Employers Consultative Association of Malawi (Ecam) says latest global travel restrictions have potential to threaten jobs and incomes of Malawians.
Ecam’s sentiments follow the move by over 15 countries across the world to impose travel bans following a new Covid-19 variant detected in South Africa.
In a written response on Tuesday, Ecam executive director George Khaki said the restrictions pose threats to businesses, especially disruption of supply chains, which would affect both imports and production on one hand and exports and generation of foreign currency on the other.
He said: “Ultimately jobs will be affected, especially in some industries, including travel and accommodation, manufacturing, transport, retail and wholesale.
“So in short, the current situation brings uncertainty which is not good for business and investment. Recovery will certainly slow down.”
The Malawi job market has been hit hard by the impact of the Covid-19 where 273 712 Malawians became jobless in the first half of 2020, according to a survey conducted by Ecam.
The 2021 Annual Economic Report indicated that by mid-2020, Malawi lost over K42 billion in revenue through cancellation of confirmed bookings and an estimated 300 000 jobs out of which 253 000 were direct jobs due to the Covid-19 pandemic.
Ecam had estimated that by March this year, 680 496 jobs would be lost due to the pandemic.
“In order to handle this, we need large population of the country to get vaccinated. This is the only insurance we have,” Khaki said.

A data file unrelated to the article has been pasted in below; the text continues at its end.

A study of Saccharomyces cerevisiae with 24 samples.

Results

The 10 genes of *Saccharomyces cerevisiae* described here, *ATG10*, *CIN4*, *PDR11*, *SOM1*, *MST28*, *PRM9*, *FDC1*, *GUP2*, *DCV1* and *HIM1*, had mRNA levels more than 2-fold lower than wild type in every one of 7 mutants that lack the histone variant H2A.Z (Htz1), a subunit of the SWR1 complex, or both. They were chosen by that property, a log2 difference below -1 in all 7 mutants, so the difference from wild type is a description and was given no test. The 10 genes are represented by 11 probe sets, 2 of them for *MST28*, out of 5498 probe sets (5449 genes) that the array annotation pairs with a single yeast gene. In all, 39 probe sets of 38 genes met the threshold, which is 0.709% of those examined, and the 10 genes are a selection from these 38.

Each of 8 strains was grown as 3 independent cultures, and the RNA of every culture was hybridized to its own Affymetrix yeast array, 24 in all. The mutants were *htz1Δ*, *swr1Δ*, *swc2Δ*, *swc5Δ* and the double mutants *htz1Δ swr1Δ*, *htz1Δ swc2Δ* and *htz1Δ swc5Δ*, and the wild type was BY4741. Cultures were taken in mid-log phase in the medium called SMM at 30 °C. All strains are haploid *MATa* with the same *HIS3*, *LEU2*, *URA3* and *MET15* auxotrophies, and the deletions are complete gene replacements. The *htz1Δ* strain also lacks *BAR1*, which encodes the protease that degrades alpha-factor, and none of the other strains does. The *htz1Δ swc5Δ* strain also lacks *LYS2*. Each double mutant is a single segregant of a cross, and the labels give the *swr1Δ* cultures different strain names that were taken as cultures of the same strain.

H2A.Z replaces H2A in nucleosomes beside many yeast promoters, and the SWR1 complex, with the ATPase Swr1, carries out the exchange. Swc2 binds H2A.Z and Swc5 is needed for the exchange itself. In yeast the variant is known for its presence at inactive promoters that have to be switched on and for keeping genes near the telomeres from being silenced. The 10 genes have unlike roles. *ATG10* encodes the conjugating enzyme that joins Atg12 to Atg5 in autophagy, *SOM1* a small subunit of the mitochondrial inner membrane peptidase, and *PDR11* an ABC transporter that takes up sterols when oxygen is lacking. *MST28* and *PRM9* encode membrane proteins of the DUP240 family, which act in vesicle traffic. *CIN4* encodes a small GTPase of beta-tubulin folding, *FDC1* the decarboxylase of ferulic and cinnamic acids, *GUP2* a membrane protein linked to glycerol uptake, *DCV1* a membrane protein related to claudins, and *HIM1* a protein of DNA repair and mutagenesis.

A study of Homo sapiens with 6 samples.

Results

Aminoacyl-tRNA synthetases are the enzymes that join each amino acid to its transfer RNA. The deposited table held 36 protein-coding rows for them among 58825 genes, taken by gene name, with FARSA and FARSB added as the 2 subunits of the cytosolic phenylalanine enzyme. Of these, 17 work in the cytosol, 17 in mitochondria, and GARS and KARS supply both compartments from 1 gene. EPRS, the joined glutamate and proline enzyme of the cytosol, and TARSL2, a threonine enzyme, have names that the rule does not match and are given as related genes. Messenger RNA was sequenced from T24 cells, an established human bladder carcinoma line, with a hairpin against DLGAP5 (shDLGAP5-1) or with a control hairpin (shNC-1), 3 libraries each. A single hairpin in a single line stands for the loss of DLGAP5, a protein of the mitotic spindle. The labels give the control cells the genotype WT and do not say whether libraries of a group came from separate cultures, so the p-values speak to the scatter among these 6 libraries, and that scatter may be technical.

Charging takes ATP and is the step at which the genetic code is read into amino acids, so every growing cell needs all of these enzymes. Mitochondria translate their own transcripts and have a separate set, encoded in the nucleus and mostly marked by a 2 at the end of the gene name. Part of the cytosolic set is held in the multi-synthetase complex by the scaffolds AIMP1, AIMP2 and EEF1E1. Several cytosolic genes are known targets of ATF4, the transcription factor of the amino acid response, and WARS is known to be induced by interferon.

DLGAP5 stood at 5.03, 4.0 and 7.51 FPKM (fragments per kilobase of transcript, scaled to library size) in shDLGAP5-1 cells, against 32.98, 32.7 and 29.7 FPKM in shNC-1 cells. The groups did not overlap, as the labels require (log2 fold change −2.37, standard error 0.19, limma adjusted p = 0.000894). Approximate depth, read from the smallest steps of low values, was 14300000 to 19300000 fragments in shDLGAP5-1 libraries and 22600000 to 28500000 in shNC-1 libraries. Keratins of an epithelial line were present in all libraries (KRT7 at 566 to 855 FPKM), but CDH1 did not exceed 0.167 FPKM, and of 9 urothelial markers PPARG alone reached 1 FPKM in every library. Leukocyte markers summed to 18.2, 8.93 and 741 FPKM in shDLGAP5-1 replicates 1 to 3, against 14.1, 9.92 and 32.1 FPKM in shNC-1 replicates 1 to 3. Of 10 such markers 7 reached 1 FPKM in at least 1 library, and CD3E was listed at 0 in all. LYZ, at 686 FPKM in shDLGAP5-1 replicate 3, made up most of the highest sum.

Meanwhile, United Nations Development Programme figures show that as at June 2020, incomes of 77 percent of Malawians were affected due to the Covid-19 pandemic.
Among those who suffered losses, the overall median income decrease was K100 000 with urbanites experiencing higher losses than rural folks at K140 000 and K100 000, respectively.
However, majority of people (61 percent ) further expected income changes between now and the end of the year, with most of them expecting losses of between K150 000 and K250 000 or 57 percent.
In terms of economic sectors, wholesale sector experienced the highest loss in output (K29.8 billion), followed by manufacturing (K28.9 billion)and food and accommodation (K11.86 billion).
In an interview on Tuesday, Consumers Association of Malawi executive director John Kapito observed that the current economic and social challenges consumers are facing will deepen due to the fourth wave.
He said: “This is the time we need the leadership to prioritise sectors that are key for the welfare of consumers and growth of the private sector.
“Unnecessary expenditure must be curbed and our leaders must stop making unachievable promises.”
Malawi Confederation of Chambers of Commerce and Industry chief executive officer Chancellor Kaferapanjira is on record as having said that local businesses are not spared the coronavirus threat with hospitality, retail businesses and the travel industry among the worst affected sectors.
Ministry of Trade spokesperson Mayeso Msokera admitted that the coronavirus outbreak is likely to affect volumes of trade to Malawi due to disruptions in global supply chains.
Figures show at the peak of the pandemic last year, the local tourism industry lost about 30 000 jobs.